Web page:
1/18/2016

Lyric's "Sondheim on Sondheim": God on God

The Cast of "Sondheim on Sondheim" with Sondheim
(photo: Mark S. Howard)

In musical theater today, no one is more revered than composer/lyricist Stephen Sondheim. Creating a musical revue, Sondheim on Sondheim, back in 2010, was a labor of love for James Lapine, a frequent collaborator with Sondheim over the years of their extraordinary careers. Utilizing some four dozen songs (including one original number written for the revue), with his lyrics and music from over six decades, with nineteen shows represented, Lapine conceived and created a wonderful collage of Sondheim's professional life. It featured familiar, lesser-known and even a half dozen cut numbers (especially from Company, notoriously revised in rehearsals and try-outs). This revue ran for a limited run of two months on Broadway, mounted by the Roundabout Theatre, and has now arrived in Boston as the current production by Lyric Stage Company.

The result is a thoroughly enjoyable collection of Sondheim's finest songs, not unlike looking through a family scrapbook and sharing one's recollections of unforgettable musical moments. One such special moment is a new song by Himself written directly for the Broadway version, “God”, in which the composer/lyricist makes tongue-in-cheek reference to his exalted position in the musical theater pantheon. To whit, his wit:

God! I mean the man's a God!
Wrote the score to “Sweeney Todd”.....
With a nod, to de Sade.....
Smart! The lyrics are so smart!
And the music has such heart!....
Still you have to have something to believe in
Something to appropriate, emulate, overrate
Might as well be Stephen, or to use his nickname
God!
 
There are many memorable turns from the eight member cast that consists of Leigh Barrett, Mala Bhattacharya, Maritza Bostic, Christopher Chew, Aimee Doherty, Davron S. Monroe, Sam Simahk and Patrick Varner. While all are blessedly unmiked, some project better than others. Even a cursory listing of high points would have to include “The Best Thing That Ever Has Happened” (composed for a straight couple in the short-lived musical Bounce, then rewritten for a gay couple in the same show when it was revised as Road Show), “Franklin Shepard Inc” from Merrily We Roll Along, sung here by the charming Simahk, and of course the lovely and haunting “Send In the Clowns” performed by Barrett. (Simahks' expressive face with those cheek bones and dimples to die for should be insured, while either Barrett or Doherty could wow you just singing from the telephone book). The excerpt from Sweeney Todd makes one long for Chew's fondly-remembered rendering of the entire show.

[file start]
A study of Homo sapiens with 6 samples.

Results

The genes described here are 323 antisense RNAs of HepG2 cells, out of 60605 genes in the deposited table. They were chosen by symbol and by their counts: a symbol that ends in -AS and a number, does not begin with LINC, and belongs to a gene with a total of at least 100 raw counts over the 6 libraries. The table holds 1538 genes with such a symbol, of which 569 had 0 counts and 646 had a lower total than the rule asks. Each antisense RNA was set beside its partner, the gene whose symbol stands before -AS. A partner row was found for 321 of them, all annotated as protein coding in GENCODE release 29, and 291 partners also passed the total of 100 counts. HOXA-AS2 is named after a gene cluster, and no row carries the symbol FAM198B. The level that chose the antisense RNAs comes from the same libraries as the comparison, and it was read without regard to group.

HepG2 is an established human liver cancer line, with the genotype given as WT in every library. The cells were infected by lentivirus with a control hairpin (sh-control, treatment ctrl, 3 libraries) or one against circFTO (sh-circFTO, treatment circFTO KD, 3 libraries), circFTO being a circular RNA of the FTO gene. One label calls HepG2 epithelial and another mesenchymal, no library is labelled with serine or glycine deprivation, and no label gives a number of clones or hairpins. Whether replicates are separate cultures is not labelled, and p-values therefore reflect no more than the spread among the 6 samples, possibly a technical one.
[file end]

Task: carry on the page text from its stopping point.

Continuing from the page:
As Directed here by Spiro Veloudos, Producing Artistic Director of the company, it's a treat, with excellent Choreography and Musical Staging by Ilyse Robbins, fine Musical Direction by Jonathan Goldberg, great Scenic Design by David Towlun, suitable Costume Design by Gail Astrid Buckley, and dramatic Lighting Design by Chris Hudacs. Thanks in part to Projection Designer Seaghan McKay, Sondheim is the star of this show in more ways than one, and there's also a very clever enhancement of Veloudos' usual introductory speech. Where Broadway used over sixty plasma screens, McKay does wonders with just a handful.

Yet Sondheim wrote, “even Cream of Wheat has lumps”. As is the case with most book-less revues, many songs lose significant impact when performed out of context (for example, “Send in the Clowns” is decidedly not as moving as it is when it is sung in the context of the whole libretto of A Little Night Music). There's also the matter of arbitrary choices; Lapine opines and that's that. Nonetheless, even though as at most buffets one might feel one's plate overfilled and overstuffed, this is a feast for Sondheim fans.

Toward the end of the show, Sondheim, when asked if he missed ever having children of his own, admits he has such regret, but notes that art is the alternative way to have a legacy. He also quotes his teacher Oscar Hammerstein who described him as his friend and mentor, echoing the lines from Anna in The King and I: “By your students you'll be taught”. On the question of whether Sondheim is truly God, most of us would probably self-describe as agnostics; but the man's lyrics and music are certainly divine. When all is sung and done, this is a must-see for anyone who is a devotee of Sondheim. And who isn't?